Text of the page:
Press Statement
From the Office of State Senator Rodney Ellis

For Immediate Release
August 21, 2008
Contact: Tina Tran, 713-236-0306

Legislators and Public Education Leaders Address Proposed Eligibility Requirements for the TEXAS Grant Program

Houston (August 21, 2008) - Senator Rodney Ellis was joined by Representatives Hochberg, Hernandez, and Coleman; Houston Independent School District Trustee Paula Harris; University of Houston Downtown (UHD) President Max Castillo; UHD Director of Financial Aid Rob Sheridan; University of Houston System Vice Chancellor for Governmental Relations Grover Campbell; Texas Southern University Executive Director of Financial Aid Albert Tezeno; presumptive Representative-elect Armando Walle; and former Houston City Council Member Carol Alvarado to mark the coming academic year by bringing attention to a proposed recommendation to add new merit components to the TEXAS Grant program. The state legislators and public education leaders were also joined by students from the University of Houston-Downtown and Texas Southern University.

At the press conference today, leaders expressed concern that the new merit components would decrease the number of students receiving grant aid, particularly, first-generation and low-income students attending colleges and universities in the state. Since the inception of the program in 1999, Senator Ellis has advocated fully funding the grant program. Legislators and public education leaders joined him today in that charge.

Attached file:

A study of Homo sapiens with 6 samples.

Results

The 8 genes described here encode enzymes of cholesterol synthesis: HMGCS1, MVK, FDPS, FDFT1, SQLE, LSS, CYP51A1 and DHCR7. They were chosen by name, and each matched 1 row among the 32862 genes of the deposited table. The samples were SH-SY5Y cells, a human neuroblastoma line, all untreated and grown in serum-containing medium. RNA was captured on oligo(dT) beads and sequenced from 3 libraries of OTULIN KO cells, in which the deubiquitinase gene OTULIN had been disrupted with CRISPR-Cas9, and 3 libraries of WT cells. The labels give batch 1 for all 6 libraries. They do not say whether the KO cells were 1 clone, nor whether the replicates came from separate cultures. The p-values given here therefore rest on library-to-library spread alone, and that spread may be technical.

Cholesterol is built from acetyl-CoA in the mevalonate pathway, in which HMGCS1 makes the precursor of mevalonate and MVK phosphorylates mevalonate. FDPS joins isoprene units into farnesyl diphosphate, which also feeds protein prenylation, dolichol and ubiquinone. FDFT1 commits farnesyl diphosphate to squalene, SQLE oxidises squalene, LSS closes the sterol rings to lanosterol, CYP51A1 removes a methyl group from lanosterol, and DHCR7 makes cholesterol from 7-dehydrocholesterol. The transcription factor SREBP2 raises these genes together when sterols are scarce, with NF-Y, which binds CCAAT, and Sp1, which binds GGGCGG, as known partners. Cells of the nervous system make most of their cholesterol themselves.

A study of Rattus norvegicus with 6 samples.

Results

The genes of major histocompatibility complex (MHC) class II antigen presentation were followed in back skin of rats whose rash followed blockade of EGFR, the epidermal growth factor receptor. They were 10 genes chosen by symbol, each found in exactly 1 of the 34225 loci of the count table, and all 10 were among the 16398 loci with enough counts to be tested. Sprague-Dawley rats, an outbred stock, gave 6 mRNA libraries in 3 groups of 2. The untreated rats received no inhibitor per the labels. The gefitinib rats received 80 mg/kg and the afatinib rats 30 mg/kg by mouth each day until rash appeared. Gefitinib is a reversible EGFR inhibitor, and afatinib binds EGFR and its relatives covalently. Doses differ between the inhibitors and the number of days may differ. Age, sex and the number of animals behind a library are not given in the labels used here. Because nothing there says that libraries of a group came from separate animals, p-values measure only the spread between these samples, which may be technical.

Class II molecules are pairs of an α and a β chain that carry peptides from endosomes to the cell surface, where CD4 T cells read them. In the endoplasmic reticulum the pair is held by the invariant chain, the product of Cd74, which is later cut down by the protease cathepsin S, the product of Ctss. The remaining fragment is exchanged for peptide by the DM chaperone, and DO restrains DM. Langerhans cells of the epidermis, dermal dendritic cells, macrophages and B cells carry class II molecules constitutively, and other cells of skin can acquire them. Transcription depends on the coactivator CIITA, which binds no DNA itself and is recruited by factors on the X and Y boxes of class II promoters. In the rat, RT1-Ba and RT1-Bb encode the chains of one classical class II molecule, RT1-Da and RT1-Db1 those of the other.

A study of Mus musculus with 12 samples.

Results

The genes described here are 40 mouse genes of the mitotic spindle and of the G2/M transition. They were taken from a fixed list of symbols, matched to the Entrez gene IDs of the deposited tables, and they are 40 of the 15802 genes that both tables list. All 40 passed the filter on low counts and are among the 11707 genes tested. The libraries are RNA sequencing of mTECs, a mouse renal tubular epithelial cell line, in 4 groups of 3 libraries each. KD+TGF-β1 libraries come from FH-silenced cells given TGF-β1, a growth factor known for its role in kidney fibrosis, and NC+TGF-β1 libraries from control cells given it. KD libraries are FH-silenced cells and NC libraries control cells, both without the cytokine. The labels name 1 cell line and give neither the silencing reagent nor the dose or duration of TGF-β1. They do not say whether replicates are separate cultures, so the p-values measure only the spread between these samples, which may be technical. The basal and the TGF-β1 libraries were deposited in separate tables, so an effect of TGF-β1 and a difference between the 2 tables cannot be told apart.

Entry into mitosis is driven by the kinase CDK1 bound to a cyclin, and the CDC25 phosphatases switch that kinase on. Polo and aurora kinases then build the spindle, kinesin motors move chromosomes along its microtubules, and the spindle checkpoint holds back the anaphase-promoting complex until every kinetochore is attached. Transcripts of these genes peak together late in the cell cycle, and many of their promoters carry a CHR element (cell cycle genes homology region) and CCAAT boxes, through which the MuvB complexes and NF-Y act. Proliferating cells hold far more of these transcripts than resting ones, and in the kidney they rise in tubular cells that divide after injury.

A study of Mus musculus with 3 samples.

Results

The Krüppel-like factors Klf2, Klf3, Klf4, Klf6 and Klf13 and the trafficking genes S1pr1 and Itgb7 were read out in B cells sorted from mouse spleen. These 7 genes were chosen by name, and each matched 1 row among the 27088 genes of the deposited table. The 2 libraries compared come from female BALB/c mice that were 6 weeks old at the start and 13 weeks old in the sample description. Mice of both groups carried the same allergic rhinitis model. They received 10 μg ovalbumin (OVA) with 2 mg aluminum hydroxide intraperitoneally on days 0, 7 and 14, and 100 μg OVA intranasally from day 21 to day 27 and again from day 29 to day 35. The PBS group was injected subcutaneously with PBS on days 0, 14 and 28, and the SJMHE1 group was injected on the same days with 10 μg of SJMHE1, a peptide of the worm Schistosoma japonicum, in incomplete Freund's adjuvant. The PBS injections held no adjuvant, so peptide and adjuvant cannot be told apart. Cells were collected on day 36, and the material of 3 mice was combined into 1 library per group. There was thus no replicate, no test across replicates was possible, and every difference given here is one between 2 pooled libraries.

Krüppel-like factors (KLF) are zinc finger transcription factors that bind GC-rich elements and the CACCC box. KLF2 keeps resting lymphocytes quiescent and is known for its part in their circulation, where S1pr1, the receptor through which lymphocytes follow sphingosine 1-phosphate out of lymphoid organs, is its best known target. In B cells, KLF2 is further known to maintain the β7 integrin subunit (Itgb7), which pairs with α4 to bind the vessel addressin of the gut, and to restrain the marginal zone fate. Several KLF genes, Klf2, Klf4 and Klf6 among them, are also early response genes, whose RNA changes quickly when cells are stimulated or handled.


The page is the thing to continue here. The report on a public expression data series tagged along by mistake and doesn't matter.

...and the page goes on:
Senator Ellis stated, "At this crucial time when the state of Texas needs to focus on closing the gap in educational achievement, these recommendations could widen the gap--creating less opportunities for folks to build better lives for themselves and their families," Senator Ellis stated. "The last thing this state should be doing is creating less educated Texans to compete in the global marketplace."

According to numbers released by the University of Houston, the proposal could reduce the number of the university's TEXAS Grant recipients by almost 20%. At Prairie View A & M University, the projected number was as high as 27%.

There are currently 90,000 eligible students for TEXAS Grants who will not be served in 2009 due to inadequate funding. The Texas Higher Education Coordinating Board needs to advocate for the Legislature to address the true problem: a lack of funding," said Representative Coleman. "Making it harder for low income, first generation students, and students of color to qualify for a grant is not the solution."

Senator Ellis called for hearings on the issue around the state and presented a letter asking the Texas Higher Education Coordinating Board (THECB) to further analyze the recommendation.

The recommendation was transmitted to the Office of the Governor and the Legislative Budget Board in a study on restructuring financial aid last month. The study, which required that the THECB examine six financial aid strategies, was mandated by Senate Bill 1, last session's appropriation's bill, Section 49. In consultation with the Office of the Governor, the THECB added additional topics, including adding new merit components to the TEXAS Grant program.

In the 2007 fiscal year, the TEXAS Grant program awarded 52,585 students $175,030,246 in grant aid. That accounts for only about half of the students who were eligible to receive the award. According to the THECB Report on Student Financial Aid in Texas Higher Education for Fiscal Year 2007, with constant funding, the program will face a $246,376,031 shortfall, leaving 66,262 students unable to enter the program in 2010.

The report transmitted by the THECB can be found on the Coordinating Board's website at http://www.thecb.state.tx.us/reports/pdf/1563.pdf.